As we read our lesson for today I was reminded of a verse from earlier in John, John 3:30 when John the Baptist said, in relation to Jesus, “He must become greater; I must become less.”
Mary lived out these words as a disciple of Lord Jesus. She assumed the role of servant to this man whom she loved and who had brought her brother back from 4 days in the grave with a single command. She recognized Jesus greatness and honored it, she didn’t envy it. She took probably the most valuable thing she had, a bottle of perfume that came from the root of a plant that only grows in the foothills of the Himalayan mountains, and poured out the full contents of it on Jesus’ feet and cleaned them with her hair. Pause for a moment and let’s think about this. The full bottle of perfume was not required for this task. A very little bit of perfume goes a very long way. She easily could have honored the man Jesus with a gesture and a gift and still had months or years supply of perfume left. But she poured out all that she had on Lord Jesus. She wiped his feet with her hair, not because she wanted to coat her hair in the perfume, but because that was what happened when she prostrated herself at His feet, getting into as low of a position as possible to honor His greatness.
Judas, on the other hand, shows the exact opposite. Instead of lowering himself in Jesus’ greatness, his view is on how to ride the Jesus train up to Judas’ own greatness. He sees the act of Mary as a waste. Not only does he monetize the gift, but he sees what it could have bought. Good deeds for the poor done with sufficient self-promotion bring the honor and recognition of other, powerful people. It buys goodwill in the community and it is totally in line with the teaching of the Pharisees. His after the fact rebuke tears down Mary and sends a message to others. It is not delivered as a brother or peer or co-disciple, it is delivered as from one in authority to a servant.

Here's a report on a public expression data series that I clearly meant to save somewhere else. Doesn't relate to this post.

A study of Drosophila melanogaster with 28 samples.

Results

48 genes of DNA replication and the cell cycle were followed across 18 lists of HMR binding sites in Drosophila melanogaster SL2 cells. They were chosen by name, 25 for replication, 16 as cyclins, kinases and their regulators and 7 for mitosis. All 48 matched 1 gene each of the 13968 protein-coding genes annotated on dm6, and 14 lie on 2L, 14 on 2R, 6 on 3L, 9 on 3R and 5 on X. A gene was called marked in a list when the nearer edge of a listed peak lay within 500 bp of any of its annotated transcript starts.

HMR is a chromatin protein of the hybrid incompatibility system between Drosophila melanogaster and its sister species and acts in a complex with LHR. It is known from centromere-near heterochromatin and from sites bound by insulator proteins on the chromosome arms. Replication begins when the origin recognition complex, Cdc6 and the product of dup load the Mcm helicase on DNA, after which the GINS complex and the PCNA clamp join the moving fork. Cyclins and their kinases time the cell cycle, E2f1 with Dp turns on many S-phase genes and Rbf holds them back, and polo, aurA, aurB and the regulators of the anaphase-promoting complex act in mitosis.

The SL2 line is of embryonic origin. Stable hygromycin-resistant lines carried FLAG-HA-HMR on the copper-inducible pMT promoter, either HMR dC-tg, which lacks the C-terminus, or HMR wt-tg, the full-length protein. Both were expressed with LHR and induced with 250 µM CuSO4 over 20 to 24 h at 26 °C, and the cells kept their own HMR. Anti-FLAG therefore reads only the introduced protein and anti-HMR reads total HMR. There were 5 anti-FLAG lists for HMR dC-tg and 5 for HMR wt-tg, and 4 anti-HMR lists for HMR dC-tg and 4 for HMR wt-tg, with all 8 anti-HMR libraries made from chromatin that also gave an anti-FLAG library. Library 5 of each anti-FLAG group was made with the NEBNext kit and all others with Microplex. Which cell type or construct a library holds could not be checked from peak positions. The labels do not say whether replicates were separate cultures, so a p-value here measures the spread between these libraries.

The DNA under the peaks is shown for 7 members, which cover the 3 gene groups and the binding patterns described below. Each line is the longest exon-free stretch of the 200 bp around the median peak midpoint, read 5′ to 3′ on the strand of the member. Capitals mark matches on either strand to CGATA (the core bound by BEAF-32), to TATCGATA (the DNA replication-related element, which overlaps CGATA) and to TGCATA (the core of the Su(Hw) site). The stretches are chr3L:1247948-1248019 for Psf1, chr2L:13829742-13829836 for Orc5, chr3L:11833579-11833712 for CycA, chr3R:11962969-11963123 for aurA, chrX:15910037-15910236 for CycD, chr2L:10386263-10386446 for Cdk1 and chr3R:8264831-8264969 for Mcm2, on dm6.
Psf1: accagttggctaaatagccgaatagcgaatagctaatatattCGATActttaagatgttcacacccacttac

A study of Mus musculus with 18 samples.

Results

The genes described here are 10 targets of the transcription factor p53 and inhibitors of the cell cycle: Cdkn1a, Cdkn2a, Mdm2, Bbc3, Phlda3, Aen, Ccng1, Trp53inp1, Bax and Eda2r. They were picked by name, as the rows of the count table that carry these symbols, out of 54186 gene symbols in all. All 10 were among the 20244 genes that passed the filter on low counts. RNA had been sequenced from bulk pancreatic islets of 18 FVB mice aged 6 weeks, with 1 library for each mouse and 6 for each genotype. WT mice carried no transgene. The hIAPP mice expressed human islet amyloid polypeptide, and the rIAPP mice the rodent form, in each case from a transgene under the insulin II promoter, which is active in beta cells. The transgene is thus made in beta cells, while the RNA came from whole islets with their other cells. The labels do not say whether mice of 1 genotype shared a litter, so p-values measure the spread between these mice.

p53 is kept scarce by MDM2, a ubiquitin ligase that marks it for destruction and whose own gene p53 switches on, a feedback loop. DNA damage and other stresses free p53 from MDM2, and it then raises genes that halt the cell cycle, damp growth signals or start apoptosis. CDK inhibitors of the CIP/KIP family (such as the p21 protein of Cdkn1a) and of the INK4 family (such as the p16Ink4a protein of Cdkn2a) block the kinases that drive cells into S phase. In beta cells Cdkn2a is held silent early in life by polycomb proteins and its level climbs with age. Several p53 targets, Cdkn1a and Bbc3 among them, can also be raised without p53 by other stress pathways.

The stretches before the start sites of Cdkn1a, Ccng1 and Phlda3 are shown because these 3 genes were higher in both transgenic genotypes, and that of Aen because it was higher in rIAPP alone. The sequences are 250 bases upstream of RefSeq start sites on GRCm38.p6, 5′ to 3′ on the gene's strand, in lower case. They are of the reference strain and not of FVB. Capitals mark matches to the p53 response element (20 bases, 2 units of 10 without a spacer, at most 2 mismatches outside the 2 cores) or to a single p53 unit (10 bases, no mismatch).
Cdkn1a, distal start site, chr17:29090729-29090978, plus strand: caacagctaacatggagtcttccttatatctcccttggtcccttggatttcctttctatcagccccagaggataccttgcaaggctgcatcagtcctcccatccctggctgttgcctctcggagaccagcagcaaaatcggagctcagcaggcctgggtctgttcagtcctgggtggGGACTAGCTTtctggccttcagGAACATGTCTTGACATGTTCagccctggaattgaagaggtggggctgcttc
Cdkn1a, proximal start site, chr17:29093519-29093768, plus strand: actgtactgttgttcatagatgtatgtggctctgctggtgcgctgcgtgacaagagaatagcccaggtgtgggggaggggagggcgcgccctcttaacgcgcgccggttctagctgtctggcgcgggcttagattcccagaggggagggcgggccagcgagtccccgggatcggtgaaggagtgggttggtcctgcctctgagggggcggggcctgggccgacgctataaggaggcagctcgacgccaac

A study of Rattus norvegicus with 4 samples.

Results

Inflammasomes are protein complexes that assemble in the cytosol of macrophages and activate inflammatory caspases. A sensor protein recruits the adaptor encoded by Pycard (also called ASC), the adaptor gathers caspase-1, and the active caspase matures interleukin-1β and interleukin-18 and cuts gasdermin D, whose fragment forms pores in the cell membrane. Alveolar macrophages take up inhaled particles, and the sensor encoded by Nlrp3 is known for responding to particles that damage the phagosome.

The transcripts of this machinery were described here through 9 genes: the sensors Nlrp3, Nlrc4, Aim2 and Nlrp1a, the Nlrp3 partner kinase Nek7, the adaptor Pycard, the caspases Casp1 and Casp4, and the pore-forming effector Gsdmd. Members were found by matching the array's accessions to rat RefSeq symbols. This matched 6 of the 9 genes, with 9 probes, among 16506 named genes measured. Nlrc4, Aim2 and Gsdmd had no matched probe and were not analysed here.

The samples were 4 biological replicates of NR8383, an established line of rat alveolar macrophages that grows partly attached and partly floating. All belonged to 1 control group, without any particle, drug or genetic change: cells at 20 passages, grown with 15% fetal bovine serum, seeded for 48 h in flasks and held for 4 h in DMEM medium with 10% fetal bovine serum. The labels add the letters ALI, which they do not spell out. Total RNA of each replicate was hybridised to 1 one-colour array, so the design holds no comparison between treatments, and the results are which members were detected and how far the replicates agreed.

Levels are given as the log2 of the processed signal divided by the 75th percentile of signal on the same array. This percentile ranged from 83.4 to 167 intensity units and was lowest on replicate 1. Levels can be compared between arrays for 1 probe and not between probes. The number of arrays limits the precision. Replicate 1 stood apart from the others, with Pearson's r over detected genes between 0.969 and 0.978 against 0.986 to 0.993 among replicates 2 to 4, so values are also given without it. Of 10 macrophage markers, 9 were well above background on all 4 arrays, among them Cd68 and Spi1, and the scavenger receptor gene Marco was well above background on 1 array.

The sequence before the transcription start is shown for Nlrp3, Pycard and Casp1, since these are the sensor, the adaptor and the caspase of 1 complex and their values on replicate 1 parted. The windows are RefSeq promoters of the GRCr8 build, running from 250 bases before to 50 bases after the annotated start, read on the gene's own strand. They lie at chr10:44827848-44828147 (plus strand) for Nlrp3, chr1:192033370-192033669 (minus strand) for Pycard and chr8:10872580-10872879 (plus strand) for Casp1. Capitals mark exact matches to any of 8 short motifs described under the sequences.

But, Jesus settles the dispute not by sending them to their corners or making them shake hands. Instead, He rebukes Judas, as He would rebuke the devil (no coincidence there since it was likely the influence of Satan’s presence in Judas heart that caused him to suddenly speak so boldly). He praises Mary, not for what she did, but for what had long ago been set into motion and ordained for her to do and then He elevates the conversation from the pettiness of Judas’ words to the announcement that Jesus would soon die.
Can you imagine the hush that must have fallen on the room at this point? Mary still at Jesus’ feet. Judas commanded into quiet. The rest of the guests looking on with wide eyed expressions. Jesus’ has spoken about death before, but this group that is still rejoicing about the resurrection of Lazarus would have been very alert to the words of death for the one who brought him back to life.
caring, generous, honoring of God, self-sacrificing. She wasn’t prompted, she didn’t wait, she was bold and giving and gave from her heart. I want to be generous without concern, not for others.
Jesus rebuked Judas. Jesus also pointed out that this had be reserved for the day of His death to prepare Him for His burial. It also revealed Judas heart – He was concerned about money, not honoring Jesus. He saw it as waste and that the poor were more valuable than Jesus and that other people were more deserving of the perfume.
He rebuked and chastised Judas and recognized and honored Mary’s actions. He explained that this had been ordained by God and saved for the time of His death. It made it clear that it was time for Jesus to die and that He knew He would die.